Jun 15, 2022

Hexo hits record low after Q3 results, will lay off 450

Cannabis industry taxes remain too high for long-term sustainability: Smitherman



Hexo, Canada’s biggest cannabis producer by market share, reported third-quarter revenue climbed by 101 per cent to $45.6 million from a year earlier but fell 14 per cent from the prior quarter amidst ongoing competition in the Canadian market.

The Gatineau, Que.-based company said it lost $146.6 million in the quarter while taking an $83.1 million impairment charge tied to the closure of its Belleville, Ont. production facility. It also said it would take a $14.6 million charge related to an inventory write-down.

Despite leading Canada’s recreational cannabis market with a 9.7 per cent share, according to industry data tracker Hifyre, Hexo has been suffering from the same woes plaguing the rest of the industry. An oversupplied market led by a glut of producers combined with a fickle consumer base and an onerous taxation regime has led many of Canada’s pot companies to struggle to report profits.

Hexo reported adjusted earnings before interest, taxes, depreciation, and amortization (EBITDA) loss of $18.4 million, a steeper decline from the $10.8 million loss it reported a year earlier.

Hexo opted to withdraw its previously provided financial forecasts in light of a mix of “deteriorating market and macro-economic conditions”, management changes, and its ongoing financing deal with Tilray Brands Inc. As a result, Hexo did not provide an update on when it plans to become EBITDA positive or generate positive cash flow. 

The company also disclosed it would lay off 450 staff and reduce its selling, general and administrative expenses by 30 per cent in a filing Wednesday. The layoffs and cost cuts are believed to save Hexo $30.6 million on an annualized basis, the company said.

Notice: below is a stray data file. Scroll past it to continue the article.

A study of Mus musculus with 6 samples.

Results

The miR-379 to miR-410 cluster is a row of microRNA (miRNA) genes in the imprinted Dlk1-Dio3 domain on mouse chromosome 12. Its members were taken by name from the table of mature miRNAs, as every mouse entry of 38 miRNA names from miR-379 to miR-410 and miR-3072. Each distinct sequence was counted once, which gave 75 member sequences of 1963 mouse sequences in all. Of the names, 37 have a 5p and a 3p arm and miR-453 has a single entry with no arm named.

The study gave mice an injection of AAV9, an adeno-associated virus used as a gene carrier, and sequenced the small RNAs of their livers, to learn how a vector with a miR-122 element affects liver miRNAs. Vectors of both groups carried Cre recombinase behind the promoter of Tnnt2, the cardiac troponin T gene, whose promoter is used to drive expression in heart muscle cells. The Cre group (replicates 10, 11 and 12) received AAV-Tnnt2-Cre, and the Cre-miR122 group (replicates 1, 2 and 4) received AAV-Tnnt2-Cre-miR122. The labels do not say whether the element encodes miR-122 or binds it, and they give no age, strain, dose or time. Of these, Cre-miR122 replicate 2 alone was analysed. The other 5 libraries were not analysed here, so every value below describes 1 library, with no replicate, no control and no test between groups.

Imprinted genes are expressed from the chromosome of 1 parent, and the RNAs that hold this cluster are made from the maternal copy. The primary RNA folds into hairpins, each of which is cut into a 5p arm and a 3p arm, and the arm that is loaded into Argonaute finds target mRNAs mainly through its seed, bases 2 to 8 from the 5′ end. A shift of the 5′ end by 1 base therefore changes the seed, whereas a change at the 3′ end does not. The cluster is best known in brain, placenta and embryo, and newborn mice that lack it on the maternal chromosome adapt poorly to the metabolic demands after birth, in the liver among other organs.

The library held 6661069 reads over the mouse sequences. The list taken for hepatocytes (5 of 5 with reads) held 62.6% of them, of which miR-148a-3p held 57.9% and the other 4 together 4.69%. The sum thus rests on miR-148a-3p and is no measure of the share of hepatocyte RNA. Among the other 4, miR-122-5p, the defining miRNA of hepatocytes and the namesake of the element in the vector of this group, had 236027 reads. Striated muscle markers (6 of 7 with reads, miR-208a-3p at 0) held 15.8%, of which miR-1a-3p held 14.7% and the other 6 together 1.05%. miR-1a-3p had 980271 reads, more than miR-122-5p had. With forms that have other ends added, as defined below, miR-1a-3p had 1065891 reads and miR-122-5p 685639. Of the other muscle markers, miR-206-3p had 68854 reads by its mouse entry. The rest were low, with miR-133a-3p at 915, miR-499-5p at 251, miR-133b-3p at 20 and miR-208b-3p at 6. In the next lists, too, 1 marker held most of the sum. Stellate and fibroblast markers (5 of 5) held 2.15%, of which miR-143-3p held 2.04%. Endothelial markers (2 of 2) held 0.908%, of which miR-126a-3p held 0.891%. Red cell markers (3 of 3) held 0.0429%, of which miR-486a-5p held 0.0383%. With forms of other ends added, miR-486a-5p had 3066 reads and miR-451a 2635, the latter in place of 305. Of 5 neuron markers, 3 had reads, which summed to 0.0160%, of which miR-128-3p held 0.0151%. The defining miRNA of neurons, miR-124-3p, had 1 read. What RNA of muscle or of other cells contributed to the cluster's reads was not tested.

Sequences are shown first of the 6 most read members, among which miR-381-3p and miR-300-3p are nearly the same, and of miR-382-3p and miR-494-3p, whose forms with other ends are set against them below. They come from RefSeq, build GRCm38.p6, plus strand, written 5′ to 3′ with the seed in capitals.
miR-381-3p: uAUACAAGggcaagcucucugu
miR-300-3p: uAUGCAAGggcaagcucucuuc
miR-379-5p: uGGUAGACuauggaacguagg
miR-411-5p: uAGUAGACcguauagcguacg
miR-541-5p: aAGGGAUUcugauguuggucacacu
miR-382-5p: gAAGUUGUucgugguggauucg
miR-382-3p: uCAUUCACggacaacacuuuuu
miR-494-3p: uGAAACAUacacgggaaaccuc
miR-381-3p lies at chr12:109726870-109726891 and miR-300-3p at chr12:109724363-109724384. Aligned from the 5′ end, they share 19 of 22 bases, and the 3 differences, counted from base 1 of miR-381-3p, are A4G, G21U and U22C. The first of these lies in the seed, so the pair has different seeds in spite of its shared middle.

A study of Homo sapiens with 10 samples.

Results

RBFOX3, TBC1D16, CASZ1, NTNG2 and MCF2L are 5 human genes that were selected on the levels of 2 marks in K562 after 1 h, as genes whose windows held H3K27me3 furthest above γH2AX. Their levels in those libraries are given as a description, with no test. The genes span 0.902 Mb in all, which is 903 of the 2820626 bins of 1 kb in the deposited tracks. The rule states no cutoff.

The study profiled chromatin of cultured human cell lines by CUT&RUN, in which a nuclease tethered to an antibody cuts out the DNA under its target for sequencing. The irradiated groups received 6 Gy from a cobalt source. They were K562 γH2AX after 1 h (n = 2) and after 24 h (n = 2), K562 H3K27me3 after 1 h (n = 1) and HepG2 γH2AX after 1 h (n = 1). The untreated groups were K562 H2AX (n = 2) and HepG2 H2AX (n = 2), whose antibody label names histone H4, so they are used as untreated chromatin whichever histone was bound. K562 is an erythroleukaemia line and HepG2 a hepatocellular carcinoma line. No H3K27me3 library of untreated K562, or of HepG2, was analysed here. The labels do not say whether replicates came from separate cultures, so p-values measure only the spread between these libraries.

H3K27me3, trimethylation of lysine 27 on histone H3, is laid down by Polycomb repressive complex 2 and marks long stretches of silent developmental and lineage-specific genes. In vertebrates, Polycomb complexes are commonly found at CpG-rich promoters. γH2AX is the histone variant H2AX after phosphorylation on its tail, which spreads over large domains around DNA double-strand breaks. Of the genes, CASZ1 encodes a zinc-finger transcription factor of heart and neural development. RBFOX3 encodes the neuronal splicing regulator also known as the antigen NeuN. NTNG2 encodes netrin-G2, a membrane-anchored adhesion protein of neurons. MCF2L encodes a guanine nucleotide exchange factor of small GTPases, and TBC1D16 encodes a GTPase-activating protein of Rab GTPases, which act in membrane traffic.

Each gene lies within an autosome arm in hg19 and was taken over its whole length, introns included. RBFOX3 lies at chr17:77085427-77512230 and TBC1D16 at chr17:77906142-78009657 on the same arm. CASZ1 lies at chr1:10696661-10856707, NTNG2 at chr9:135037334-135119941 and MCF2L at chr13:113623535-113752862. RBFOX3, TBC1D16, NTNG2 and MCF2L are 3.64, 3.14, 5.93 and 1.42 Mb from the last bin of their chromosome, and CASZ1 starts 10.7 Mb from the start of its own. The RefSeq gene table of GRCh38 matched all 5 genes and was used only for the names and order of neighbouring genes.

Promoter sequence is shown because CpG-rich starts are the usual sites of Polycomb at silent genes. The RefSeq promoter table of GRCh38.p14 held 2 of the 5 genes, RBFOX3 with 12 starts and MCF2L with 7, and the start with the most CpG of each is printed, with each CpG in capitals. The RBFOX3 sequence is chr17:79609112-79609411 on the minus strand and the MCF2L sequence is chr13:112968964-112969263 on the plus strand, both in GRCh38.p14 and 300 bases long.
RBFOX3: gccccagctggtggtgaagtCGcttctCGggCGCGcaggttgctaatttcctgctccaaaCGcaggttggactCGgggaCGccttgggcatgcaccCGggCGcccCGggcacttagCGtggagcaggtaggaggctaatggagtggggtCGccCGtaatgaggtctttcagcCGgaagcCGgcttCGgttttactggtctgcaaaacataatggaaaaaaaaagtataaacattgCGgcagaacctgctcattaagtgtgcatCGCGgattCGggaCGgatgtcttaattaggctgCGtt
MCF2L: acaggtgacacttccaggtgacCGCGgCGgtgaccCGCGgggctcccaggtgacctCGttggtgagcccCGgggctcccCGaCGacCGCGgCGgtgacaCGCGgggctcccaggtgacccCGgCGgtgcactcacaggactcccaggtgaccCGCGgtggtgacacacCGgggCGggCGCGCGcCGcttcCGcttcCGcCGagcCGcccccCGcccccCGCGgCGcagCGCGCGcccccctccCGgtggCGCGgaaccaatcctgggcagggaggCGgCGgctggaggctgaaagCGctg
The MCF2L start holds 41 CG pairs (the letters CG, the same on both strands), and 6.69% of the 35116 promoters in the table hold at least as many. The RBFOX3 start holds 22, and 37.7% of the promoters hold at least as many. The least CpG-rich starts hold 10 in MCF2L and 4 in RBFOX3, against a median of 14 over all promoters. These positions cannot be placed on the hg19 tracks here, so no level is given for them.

“Hexo is committed to streamlining our operations across all functions, allowing our top-selling brands to remain competitive in the marketplace whilst aligning to our long-term financial objectives of becoming cash flow positive and driving growth,” said Charlie Bowman, Hexo’s chief executive officer, in a statement.

On Tuesday, Hexo and Tilray both announced they were repricing certain terms of their financing deal to allow the latter to buy senior secured convertible notes formerly owned by a U.S. hedge fund. Those convertible notes would now give Tilray a 50 per cent stake in Hexo once exercised, although Tilray Chief Executive Officer Irwin Simon told BNN Bloomberg previously that he has no immediate plans to take any ownership position in his rival in the near term.

Alliance Global Partners Analyst Aaron Grey said a theoretical combination of Tilray and Hexo would see the company control more than 17 per cent of the Canadian cannabis market, which would be more than double its nearest competitor.

While Hexo’s share of the market has declined in lock-step with many other leading players, the company saw a bounce-back in May due to higher pre-roll sales, Grey said. He downgraded his recommendation on Hexo shares to neutral from a buy and lowered his 12-month price target on the company’s stock to $0.30 a share.